Owners of vacant commercial properties would do well to consider the impact of the ruling in Ludgate House Limited (LHL) v. Ricketts (VO) and London Borough of Southwark (2018), which was decided by the Valuation Tribunal for England in 2018.

In particular, it casts doubt over the validity of schemes using live-in guardians to convert the use of premises from commercial to residential, thereby replacing the obligation to pay business rates with the more economical council tax liabilities that apply to residential buildings.


Such schemes are used fairly widely for vacant commercial premises, as it has the added attraction of securing the premises against squatters, and in 2015, LHL, the owners of Ludgate House, a nine storey office building in London, entered into such an agreement with a property guardian company (VPS).

In November 2015, LHL successfully applied to have Ludgate House removed from the non-domestic rates register with effect from June 2015, however inspections carried out by the London Borough of Southwark in 2016 disputed this, and in 2017, whilst the premises were vacant and being stripped out for re-development, the Valuation Office restored the property to the non-domestic ratings list. The reason that the Valuation Office's decision was appealed by LHL centered around the date from which the non-domestic treatment was applied (it was backdated to June 2015). The appeal was decided by the Valuation Tribunal for England in 2018.


The Tribunal dismissed LHL's appeal and in reaching its decision, the following reasons given would appear to be of particular relevance to owners of vacant commercial properties who may be considering adopting a similar scheme of guardians:

  1. Extent of domestication

The Tribunal considered the vast scale of Ludgate House and the extent of certain parts of each floor that had been left as office space and unoccupied by the guardians. Property owners should therefore be aware of the extent of their buildings that are actually domesticated by guardians.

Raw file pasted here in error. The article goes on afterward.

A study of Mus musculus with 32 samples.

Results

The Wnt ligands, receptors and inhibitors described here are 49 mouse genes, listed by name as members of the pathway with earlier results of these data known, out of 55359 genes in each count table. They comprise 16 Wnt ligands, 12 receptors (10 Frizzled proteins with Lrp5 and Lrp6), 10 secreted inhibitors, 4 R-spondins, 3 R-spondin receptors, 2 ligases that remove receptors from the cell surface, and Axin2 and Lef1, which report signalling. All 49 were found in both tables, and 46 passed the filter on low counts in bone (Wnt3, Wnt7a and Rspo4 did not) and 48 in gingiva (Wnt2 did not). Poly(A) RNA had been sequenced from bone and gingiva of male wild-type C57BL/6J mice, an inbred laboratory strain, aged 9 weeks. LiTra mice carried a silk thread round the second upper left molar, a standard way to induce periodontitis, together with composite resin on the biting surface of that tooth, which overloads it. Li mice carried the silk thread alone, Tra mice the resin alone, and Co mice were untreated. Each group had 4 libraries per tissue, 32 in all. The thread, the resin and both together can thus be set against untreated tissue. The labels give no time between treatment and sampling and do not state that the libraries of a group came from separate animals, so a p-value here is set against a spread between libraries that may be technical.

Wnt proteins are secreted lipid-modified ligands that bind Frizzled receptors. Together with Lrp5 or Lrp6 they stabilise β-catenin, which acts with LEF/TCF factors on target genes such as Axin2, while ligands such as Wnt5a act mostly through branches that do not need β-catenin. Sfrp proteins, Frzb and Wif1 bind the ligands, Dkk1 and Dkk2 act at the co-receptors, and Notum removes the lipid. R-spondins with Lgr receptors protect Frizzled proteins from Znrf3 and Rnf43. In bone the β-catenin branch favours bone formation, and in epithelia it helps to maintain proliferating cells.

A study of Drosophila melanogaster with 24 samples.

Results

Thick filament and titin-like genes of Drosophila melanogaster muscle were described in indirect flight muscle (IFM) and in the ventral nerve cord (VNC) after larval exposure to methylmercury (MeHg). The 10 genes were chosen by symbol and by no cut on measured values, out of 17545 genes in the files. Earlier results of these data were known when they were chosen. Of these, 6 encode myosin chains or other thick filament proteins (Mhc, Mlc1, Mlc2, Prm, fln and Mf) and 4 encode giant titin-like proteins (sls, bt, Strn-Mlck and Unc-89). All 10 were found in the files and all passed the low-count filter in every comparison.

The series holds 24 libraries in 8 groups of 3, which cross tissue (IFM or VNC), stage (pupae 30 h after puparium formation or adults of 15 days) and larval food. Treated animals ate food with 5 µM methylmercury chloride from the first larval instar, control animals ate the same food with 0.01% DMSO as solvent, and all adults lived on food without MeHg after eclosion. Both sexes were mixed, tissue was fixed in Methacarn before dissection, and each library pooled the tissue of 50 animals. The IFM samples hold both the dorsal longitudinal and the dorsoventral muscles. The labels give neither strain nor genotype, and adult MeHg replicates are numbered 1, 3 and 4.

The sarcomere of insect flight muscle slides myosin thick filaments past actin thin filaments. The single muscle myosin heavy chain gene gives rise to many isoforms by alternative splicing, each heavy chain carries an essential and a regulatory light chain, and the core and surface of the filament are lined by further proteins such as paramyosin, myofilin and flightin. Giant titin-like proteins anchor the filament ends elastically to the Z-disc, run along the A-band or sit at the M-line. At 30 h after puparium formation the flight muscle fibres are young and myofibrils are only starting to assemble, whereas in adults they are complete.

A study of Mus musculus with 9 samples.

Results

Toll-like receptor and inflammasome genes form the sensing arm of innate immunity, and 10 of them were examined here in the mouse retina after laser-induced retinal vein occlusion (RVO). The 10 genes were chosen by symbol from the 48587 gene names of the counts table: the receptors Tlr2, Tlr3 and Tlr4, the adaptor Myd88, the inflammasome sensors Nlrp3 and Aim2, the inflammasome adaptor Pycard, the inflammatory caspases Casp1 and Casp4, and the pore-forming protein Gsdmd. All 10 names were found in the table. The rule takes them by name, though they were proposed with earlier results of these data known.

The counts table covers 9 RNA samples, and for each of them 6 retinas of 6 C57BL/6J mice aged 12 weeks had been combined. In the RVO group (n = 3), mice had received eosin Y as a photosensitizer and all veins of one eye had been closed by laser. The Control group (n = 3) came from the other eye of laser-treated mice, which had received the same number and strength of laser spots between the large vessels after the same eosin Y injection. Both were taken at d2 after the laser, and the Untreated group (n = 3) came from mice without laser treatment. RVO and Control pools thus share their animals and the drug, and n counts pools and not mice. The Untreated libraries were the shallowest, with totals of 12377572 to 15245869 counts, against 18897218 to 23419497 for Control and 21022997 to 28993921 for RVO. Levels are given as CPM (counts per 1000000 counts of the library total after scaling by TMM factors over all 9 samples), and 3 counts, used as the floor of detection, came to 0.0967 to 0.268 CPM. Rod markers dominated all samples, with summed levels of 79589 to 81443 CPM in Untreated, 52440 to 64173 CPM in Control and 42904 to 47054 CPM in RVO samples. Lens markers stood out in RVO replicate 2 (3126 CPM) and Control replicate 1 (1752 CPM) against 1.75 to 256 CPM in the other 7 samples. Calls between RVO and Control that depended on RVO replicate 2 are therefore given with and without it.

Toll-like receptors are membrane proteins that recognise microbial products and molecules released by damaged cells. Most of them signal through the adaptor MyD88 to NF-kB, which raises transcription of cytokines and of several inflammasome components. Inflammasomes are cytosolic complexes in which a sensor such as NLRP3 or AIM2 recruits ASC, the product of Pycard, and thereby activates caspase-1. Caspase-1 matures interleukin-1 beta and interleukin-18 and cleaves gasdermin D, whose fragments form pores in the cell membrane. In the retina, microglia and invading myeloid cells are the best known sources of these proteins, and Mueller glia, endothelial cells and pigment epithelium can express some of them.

1. Temporary nature of domestication

The Tribunal also opined that, essentially, the premises that were domesticated by the guardians still largely resembled offices, save for temporary appliances. Whilst converting the premises to full-scale residential use might be too much to expect from a guardian, it is clear that the Tribunal expects to see some degree of conversion from commercial to residential use.

  1. Terms of guardians' occupation

The Tribunal also appeared concerned that the terms of the licenses issued by VPS to the residents/guardians more closely resembled a security services agreement, with the added benefit of residential occupation, rather than a tenancy agreement.

  1. Exclusive occupation and off-limits areas

Furthermore, a copy of the guardians' tenancy agreement should confirm whether the guardians are entitled to exclusive possession of the areas that they occupied and whether there are any parts of the building that they were not allowed to access. If there were any 'off-limits' areas, this would suggest that those areas, in particular, should not be classified as domestic.

  1. General Control

The Tribunal goes on to state that based on the terms of the licenses granted to each guardian — it was VPS and not the guardians themselves — that retained control of the premises.


A key statement given by the Tribunal, which best sums up all of these concerns, is that after considering the various agreements allowing the guardians to occupy the premises, and, notably, the facts in this particular case regarding the extent to which the building as a whole was converted for domestic use, the Tribunal was not satisfied that Ludgate House was used "wholly for the purposes of living accommodation."

The significance of the case is that owners of commercial properties employing such schemes should review their existing arrangements and that owners of vacant properties, who are considering putting such a scheme in place, should seek assurances as to how their particular scheme will not fall foul of the above concerns.

Given the fact that some local authorities will look to maximise their revenue streams and the recent publicity of increases to business rates, this decision should act as a warning that there may be more scrutiny applied by local authorities to properties where guardian schemes are utilized.